Has coronavirus panic buying left your local supermarket’s shelves bare? Fear not. Here, we have three delicious vegan recipes from nutritional therapist Amelia Freer, including easy baked beans an irresistible lazy dahl.
If you’re struggling to think of ideas for what to cook with the store cupboard essentials you already have, then look no further. Below, nutritional therapist Amelia Freer has shared three delicious vegan recipes that can be rustled up using items you probably already have in your kitchen, such as tinned food and spices. Even better, each recipe is simple to make and packed full of health-boosting ingredients.
And if you’re desperate to get your hands on an elusive can of beans, then good news – there’s a recipe for butternut baked beans you can make yourself, too. Happy cooking!
Easy vegan recipe: instant tomato & cannellini bean soup (serves 3)
This is an ‘instant’ soup. Simply blend the raw ingredients together in a decent blender, and it’s ready. No cooking required. With this particular one, you can even make it when the fridge is looking decidedly bare, as it is mainly composed of tinned ingredients. Enjoy it gently warmed through, or chilled like a gazpacho. If you have any left over, it freezes well (although heat it through thoroughly before serving).
2 x 400g tins of good-quality chopped tomatoes, plus ½ a tin (200ml) of cold water to rinse them out
1 x 400g tin or jar of cannellini beans, drained and rinsed
1 spring onion, roughly chopped
2 tablespoons extra virgin olive oil, plus extra to drizzle
½ teaspoon sea salt
1 tablespoon cider vinegar
a handful of fresh basil leaves
freshly ground black pepper
Put all the ingredients (including the cold water) into the blender, and blend until completely smooth. Add a little more water to adjust the consistency if needed. Either chill or heat to serve.
Serve with a good grind of black pepper and a drizzle of olive oil.
Easy vegan recipes: lazy dahl (serves 2)
I call it ‘lazy’ because I’ll sometimes use frozen chopped onions, garlic, ginger and chilli, and skip the toasting of the spices (just substituting an equivalent amount of ground spices). It does save time and reduce all of the chopping. However, using fresh ingredients and taking that little bit of extra time really does produce better flavour, so I’ll leave it with you to decide. It freezes well.
½ teaspoon cumin seeds
½ teaspoon coriander seeds
½ teaspoon mustard seeds
2 teaspoons coconut oil
1 onion, peeled and diced
3 cloves of garlic, peeled and finely chopped
1 tablespoon grated fresh ginger
1 red chilli, deseeded and finely chopped
2 teaspoons ground turmeric
1 teaspoon garam masala
200g dried red lentils, rinsed until the water runs clear, and drained
1 x 400g tin of coconut milk
500ml vegetable stock
sea salt and freshly ground black pepper
2 handfuls of washed fresh spinach or 2 blocks of frozen
juice of ½ a lemon
a handful of fresh coriander leaves
Heat a large pan over a medium heat and gently toast the cumin, coriander and mustard seeds for 2 to 3 minutes, until the mustard seeds start to pop. Tip them out of the pan, and then lightly grind in a pestle and mortar or spice grinder.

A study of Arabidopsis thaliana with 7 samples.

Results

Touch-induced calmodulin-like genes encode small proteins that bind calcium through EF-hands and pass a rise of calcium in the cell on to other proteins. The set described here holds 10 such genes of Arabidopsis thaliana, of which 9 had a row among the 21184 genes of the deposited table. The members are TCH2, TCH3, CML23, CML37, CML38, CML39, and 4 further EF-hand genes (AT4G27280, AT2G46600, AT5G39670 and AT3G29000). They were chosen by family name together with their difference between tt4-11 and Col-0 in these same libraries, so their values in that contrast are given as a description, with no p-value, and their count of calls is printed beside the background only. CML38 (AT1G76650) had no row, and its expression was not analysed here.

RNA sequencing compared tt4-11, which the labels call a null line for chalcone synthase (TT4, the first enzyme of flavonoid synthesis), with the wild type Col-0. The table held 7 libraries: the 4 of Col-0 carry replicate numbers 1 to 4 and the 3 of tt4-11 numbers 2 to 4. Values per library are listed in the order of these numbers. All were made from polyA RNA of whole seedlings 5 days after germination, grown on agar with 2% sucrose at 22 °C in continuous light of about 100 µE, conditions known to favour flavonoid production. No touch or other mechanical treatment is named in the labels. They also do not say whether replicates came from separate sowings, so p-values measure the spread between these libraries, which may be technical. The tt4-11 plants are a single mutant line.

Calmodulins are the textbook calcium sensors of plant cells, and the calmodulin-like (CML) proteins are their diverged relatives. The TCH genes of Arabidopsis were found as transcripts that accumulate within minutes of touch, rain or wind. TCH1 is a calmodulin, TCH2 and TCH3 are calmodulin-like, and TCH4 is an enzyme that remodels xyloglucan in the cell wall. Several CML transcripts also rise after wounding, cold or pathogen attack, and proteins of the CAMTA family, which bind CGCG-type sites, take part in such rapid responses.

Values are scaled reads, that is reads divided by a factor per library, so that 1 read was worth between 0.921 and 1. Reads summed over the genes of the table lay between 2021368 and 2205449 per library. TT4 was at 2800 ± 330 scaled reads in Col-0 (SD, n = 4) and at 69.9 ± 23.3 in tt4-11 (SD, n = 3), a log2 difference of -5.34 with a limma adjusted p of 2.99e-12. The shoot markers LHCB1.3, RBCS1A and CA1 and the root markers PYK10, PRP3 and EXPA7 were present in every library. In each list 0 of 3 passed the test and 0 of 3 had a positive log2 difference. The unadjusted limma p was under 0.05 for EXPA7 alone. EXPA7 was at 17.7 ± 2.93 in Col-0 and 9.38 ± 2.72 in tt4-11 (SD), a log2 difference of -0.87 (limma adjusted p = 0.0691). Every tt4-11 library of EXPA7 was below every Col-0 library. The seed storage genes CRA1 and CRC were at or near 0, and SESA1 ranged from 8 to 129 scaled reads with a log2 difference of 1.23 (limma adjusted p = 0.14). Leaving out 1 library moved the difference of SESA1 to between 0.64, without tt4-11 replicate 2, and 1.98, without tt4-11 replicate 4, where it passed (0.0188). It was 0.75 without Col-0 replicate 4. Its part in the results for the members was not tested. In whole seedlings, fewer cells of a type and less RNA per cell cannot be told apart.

Put the coconut oil into the hot pan, then add the onion with a pinch of salt and cook gently for 5 minutes over a low heat. Add the garlic, ginger and chilli and cook for a further few minutes. Add the freshly ground spices, along with the turmeric and garam masala, and cook for 1 minute.
Finally, add the lentils, coconut milk and vegetable stock, and stir to combine. Bring to the boil, then reduce to a simmer. Cook on a low heat for 10 minutes with the lid on, then 10 minutes with the cover off to allow it to thicken.
Taste and season with salt and pepper.
Just before serving, add the spinach and stir until it wilts, then squeeze in the lemon juice and top with fresh coriander leaves.
Easy vegan recipes: butternut baked beans (serves 4)
This recipe makes a large quantity, and it keeps well in the fridge for 2 to 3 days, so you can enjoy it for other meals. The flavour gets better and better. Very, and extremely versatile – it’s my favourite kind of cooking. For breakfast, I enjoy this with some spinach and a poached egg, for example. It’s also great cold for lunch with salad leaves and crumbled feta. Or for supper, with roasted chicken and steamed greens. If you don’t wish to make such a large portion, just halve the amounts of butternut squash, onion and mushrooms.
1 butternut squash, peeled and cut into 1cm cubes
2 medium onions, peeled and diced
2 cloves of garlic, crushed
200g mushrooms, roughly diced
1 x 400g tin of chickpeas, drained and rinsed
3 tablespoons olive oil
3 teaspoons smoked paprika
1 x 400g tin of chopped tomatoes
sea salt and freshly ground black pepper
Preheat the oven to 200°C/180°C fan.
Put the squash, onions, garlic and mushrooms into a large roasting tray, along with the chickpeas. Drizzle with a little olive oil and sprinkle over the smoked paprika. Use a large spoon to mix everything well, ensuring that the vegetables and chickpeas are evenly covered with the paprika oil.
Bake for 30 minutes, stirring halfway through if you get the chance, until everything starts to soften and caramelize at the edges. Add the tinned tomatoes and stir through. Then return the tray to the oven for another 10 minutes.
Season with salt and pepper to taste before serving.
Photography: Susan Bell
Simply Good For You by Amelia Freer is available now (Michael Joseph, £22). To order your copy, find an independent bookstore near you at hive.co.uk.